Scott noted below that various members of the media were wondering if Donald Trump could maintain the “new tone” he supposedly established in the debate last night — in which he unleashed his usual fire hose of lies while using less than totally deranged rhetoric — for the next 11 days.

About that:

As commenter Karen has been reminding us for the last few years, even Trump knows you can’t say “especially a black socialist president” or a “Jewish socialist president,” or maybe even a “Muslim socialist president.” But a female socialist president?

That’s fine, because his base (and not just his base of course) is even more fundamentally misogynist than it is racist.

Philadelphia Lawyer in comments:

I think “fundamental” is the right word. White men, in many, if not most, cases, really don’t have to deal with racial diversity all that much in their personal lives. They can have racial minority “work friends,” and yet, outside of work, in their homes, their extended family, their neighborhoods, where their children go to school, where they shop, their circle of closer friends, their church, and so on, they interact either solely with fellow white Christians, or with only the occasional POC (often in a subordinate position) or Jew or Muslim. That makes it “easy” to pay lip service to the “PC” demand that one “can’t say” the things that Karen has alluded to about racial and religious minorities. But white Christian men almost certainly do have dealings with women, not only at work, but in all or most of those other settings as well. Intimate settings, family settings. Girlfriends, wives, daughters, sisters, moms, other female relatives, the wives, sisters, daughters, etc of their male friends, etc. And so it is not so easy to be “PC” to them as it is to the POC work friend and the occasional POC at church, in the supermarket, etc.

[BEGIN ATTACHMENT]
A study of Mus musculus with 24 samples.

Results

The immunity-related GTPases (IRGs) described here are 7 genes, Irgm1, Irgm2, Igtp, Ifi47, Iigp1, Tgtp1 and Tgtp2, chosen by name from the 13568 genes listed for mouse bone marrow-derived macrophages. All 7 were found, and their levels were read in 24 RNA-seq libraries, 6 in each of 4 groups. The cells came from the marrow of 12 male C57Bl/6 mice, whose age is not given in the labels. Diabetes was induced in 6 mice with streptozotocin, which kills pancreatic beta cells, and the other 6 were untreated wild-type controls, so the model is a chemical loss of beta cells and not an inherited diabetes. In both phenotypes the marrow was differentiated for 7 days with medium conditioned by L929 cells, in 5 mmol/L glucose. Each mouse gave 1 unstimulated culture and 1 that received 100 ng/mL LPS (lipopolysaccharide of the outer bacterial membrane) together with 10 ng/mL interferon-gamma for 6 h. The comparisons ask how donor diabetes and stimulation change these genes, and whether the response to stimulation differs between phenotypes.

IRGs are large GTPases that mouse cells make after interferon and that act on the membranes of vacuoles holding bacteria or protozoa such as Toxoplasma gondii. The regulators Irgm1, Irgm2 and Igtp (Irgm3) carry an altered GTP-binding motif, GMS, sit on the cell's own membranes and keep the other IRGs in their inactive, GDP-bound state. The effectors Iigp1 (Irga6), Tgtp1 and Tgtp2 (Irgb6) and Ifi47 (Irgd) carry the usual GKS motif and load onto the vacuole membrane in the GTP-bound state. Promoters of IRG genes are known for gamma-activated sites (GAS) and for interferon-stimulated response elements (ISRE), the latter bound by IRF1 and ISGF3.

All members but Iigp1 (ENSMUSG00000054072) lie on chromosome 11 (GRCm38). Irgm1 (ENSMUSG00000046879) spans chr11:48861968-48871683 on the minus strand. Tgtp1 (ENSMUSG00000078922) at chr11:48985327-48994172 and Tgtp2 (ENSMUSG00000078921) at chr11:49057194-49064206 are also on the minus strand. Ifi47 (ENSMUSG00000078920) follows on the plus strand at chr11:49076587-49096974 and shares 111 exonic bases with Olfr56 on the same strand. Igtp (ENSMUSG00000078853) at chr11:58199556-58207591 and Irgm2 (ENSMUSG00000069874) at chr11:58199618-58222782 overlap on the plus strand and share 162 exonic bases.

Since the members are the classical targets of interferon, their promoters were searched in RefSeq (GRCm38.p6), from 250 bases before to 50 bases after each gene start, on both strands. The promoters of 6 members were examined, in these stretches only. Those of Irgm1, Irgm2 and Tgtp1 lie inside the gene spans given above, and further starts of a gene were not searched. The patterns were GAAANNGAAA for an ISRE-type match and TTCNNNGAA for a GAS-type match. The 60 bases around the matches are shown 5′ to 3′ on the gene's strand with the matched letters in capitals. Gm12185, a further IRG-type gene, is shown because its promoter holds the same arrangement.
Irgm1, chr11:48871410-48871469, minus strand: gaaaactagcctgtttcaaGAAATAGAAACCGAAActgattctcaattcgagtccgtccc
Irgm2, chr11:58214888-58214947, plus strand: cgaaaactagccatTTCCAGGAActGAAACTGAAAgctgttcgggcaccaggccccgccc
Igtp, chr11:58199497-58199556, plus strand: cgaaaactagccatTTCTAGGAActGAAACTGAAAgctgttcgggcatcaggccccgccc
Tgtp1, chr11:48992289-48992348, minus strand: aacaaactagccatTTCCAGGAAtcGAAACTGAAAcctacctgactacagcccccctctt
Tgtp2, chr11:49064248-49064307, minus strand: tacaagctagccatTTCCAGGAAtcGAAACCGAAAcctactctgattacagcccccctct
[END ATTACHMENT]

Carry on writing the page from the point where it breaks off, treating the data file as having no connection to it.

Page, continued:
A guy like, say, Chris Matthews, rich, white, male Christian, but not necessarily part of “Trump’s base,” can, without costing himself very much in terms of privilege, “side” with Obama over Hillary or Romney, and all the more so with, eg, Jackie Robinson over Dixie Walker, MLK over Bull Connors, or, if you want get right down to it, Jesse Owens and Marty Glickman (not to mention Anne Frank or Elie Wiesel) over Hitler. But, in his personal life (which is reflected in his professional life by how he treats female fellow journalists, female public officials, and other prominent women he comes into contact with), Matthews no doubt harbors some decidedly non “PC” views, and his privileges in those personal life contexts depend on those views not only being acceptable, but being correct.

Misogyny goes to the heart of the human experience (intimate relationships, family relationships, the “village” one lives in), whereas racism is really only “necessary” when the couple and the family and “the village” is not the only context one lives in. Most people, even prominent people, still actually live mostly in their couple relationship, their family, and their “village,” and, for most white Christian men, their couple, their family and their village is still exclusively all white and all Christian, or damn near so. When they deal outside the village, they can put on their PC-ness and not say the racist thing, but when they get home they still want to be the king of the castle, and the women folk had better treat them that way.